Saturday, January 24, 2009

No Music, No Life: "Nana" 4 Review

Nana vol. 4
Publisher: Shojo Beat/Viz Media
Writer/Artist: Yazawa Ai
English Adaptation: Allison Wolfe
Translation: Tomo Kimura

Let me tell you right now the outfit that Sachiko wears in scene where she inadvertently faces off with Hachi outside the restaurant where she and Hachi’s boyfriend Shoji work just absolutely kills me! What is that… some kind of fleece Alpine bonnet? With dangling puffballs? And her backpack matches her full-length skirt; obviously, she made both of them herself… she’s a fashionista with a pixie cut!

Sorry, I have a weakness.

On a cold night, Nana Osaki keeps her hapless-in-love friend Nana company as they wait in the parking lot outside for Shoji to get off work. Hachi learns Nana is from some frigid prefecture where snow is common, and listens as her punk friend sings some soft song to the night….

That’s when Yazawa Ai brings Hachi, Shoji and Sachiko together for a tearful confrontation where the painful truth emerges. The build-up is exquisite, as is the payoff. Nana sticks up for her friend, ready to pound the two-timing Shoji right in the face with one of her ring-laden fists. And Hachi? She’s the one who’s been betrayed, and this after waiting a whole year, saving every yen for the move, sacrificing everything to live her dream for both of them. How does she react?

Nana volume 4 is like an emotional elevator for Hachi and the hapless readers. Up- Hachi’s growing fascination with Nana. Down- Shoji. Up- tickets front row center for a Trapnest concert in her hometown. Down- no one to go with. Up- Black Stones’ first Tokyo show. Down- Nana’s gosu-rori groupie Misato.

The middle section depicts the show itself, and Yazawa throws in a lot of little reportorial details. The place only holds a limited number of standing-room-only bodies, the cover includes a ticket for a free drink. I once ordered a Coke at one of these shows and the bartender looked at me like she’d just met Forrest Gump live and in person. Oh yeah, I’ve been to quite a few shows here in Japan; only we don’t call them “shows” or “concerts” here. The preferred term is “live.” You might tell a friend the next day, “I went to Black Stones’ live last night.”

“Where was it?”

“At the live house.”


The show takes place in a small venue somewhere in Shinjuku (Check out local landmark, the Epson building, as Junko and Kyosuke drive past on their way to the show). After the first band, the crowd’s ready to split, but Hachi and Misato (in sausage roll hair, her floral and petticoated skirt and knee-socks, she looks like a living doll) perform a little impromptu sketch:

Hachi: Ya wanna know what? This next band is, like, the best band in the world!

Misato (shouting): I totally agree! Doesn’t Blast just totally rule?! The singer, Nana, is amazing! Her voice is so strong and beautiful!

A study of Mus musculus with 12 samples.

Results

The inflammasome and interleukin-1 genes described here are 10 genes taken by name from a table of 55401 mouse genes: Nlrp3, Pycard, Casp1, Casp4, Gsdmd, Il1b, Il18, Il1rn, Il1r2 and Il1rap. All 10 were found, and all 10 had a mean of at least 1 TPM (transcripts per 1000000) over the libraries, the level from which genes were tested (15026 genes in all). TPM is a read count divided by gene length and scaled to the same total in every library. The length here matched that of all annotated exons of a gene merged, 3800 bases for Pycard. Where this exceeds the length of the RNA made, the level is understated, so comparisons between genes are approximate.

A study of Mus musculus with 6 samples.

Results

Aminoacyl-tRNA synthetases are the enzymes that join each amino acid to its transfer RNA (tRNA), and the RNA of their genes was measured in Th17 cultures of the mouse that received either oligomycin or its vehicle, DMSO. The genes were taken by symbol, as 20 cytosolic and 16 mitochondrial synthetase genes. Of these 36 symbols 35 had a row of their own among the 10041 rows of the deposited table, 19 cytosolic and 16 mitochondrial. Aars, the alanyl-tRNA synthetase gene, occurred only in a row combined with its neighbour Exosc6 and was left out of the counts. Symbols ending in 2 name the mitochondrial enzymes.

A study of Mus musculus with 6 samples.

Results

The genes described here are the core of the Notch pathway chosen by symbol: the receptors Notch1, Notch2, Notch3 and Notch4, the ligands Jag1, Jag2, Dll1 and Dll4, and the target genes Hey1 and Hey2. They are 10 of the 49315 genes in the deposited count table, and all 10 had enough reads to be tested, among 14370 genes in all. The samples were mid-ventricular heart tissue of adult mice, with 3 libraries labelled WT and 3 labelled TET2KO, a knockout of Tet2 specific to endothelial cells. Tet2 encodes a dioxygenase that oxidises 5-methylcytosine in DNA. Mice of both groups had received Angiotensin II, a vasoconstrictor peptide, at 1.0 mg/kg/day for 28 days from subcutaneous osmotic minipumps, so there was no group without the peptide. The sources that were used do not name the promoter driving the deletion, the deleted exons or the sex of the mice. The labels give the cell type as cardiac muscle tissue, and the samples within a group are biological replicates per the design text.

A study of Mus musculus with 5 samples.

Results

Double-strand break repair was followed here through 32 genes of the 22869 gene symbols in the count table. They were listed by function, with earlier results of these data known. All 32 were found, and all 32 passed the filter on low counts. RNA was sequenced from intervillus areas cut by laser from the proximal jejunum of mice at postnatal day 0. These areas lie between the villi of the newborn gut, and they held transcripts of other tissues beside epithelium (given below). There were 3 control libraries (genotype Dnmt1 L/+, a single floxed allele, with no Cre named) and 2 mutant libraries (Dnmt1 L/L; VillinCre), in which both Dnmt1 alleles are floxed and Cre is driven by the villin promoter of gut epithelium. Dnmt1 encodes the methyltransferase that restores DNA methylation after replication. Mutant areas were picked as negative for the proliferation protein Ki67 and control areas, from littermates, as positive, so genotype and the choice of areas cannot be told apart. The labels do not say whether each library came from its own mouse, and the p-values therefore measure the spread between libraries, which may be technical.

Their interest piqued, a few curious onlookers filter back into the live house. Yazawa makes even the extras stand out. There’s the tall girl in the spiky, modified-ducktail haircut and star print tee who wants to know if the band’s all girls, her friend in the plaid beret, the buzz cut dude wearing a slick motorcycle jacket and his pal with the rolled-up sleeves and sweatband on his wrist. Everyone seems to be fully accessorized. It must be a blast for her to come up with these distinct and accurate hipster looks. I’ve seen these people! At lives!

And then Blast takes the stage, Nana tying a rose to the mic stand.

There's even a chance the show might've taken place in Shin-Okubo, a neighborhood just a stop from Shinjuku on the Yamanote Line. It's certainly close enough for Junko and Kyosuke to drive there, and there are a few live houses just outside the station within easy walking distance. In fact... here's one now. You've seen the Nana version of a live show in Japan, now here's the real thing. Melt-Banana at Earthdom, September 2007:

What it lacked in Nana-like elegance and fashionability, it more than made up for in energy and power. Melt-Banana's total sonic attack destroyed eardrums and the crowd moshed with frantic intensity. I ended up hobbled like an oldster, leaning on my umbrella as if it were a cane, my body sore, but my heart soaring. Welcome to my world!

That’s at least one of the many ways this book gets its addictive hooks in you- presenting the familiar and the ultra-dramatic side-by-side. Like the semi-similar Love & Rockets, Nana presents a heightened reality filled with situations that are similar to things you’ve been through, only amplified for fictional effect. Nana is an unrepentant soap opera, in comics form. And that Yazawa Ai is a fiend. Pure evil, I tells ya! She created these characters, all the cute girls and pretty boys, put them in a fun milieu and set them into motion with Nana and Hachi as the story’s beating, bleeding, loving hearts, their every action creating emotional chaos, making the readers want more, more, MORE.

Pure wickedness.

If the Nanaishness is too much for you, check out my Melt-Banana show reviews here and here.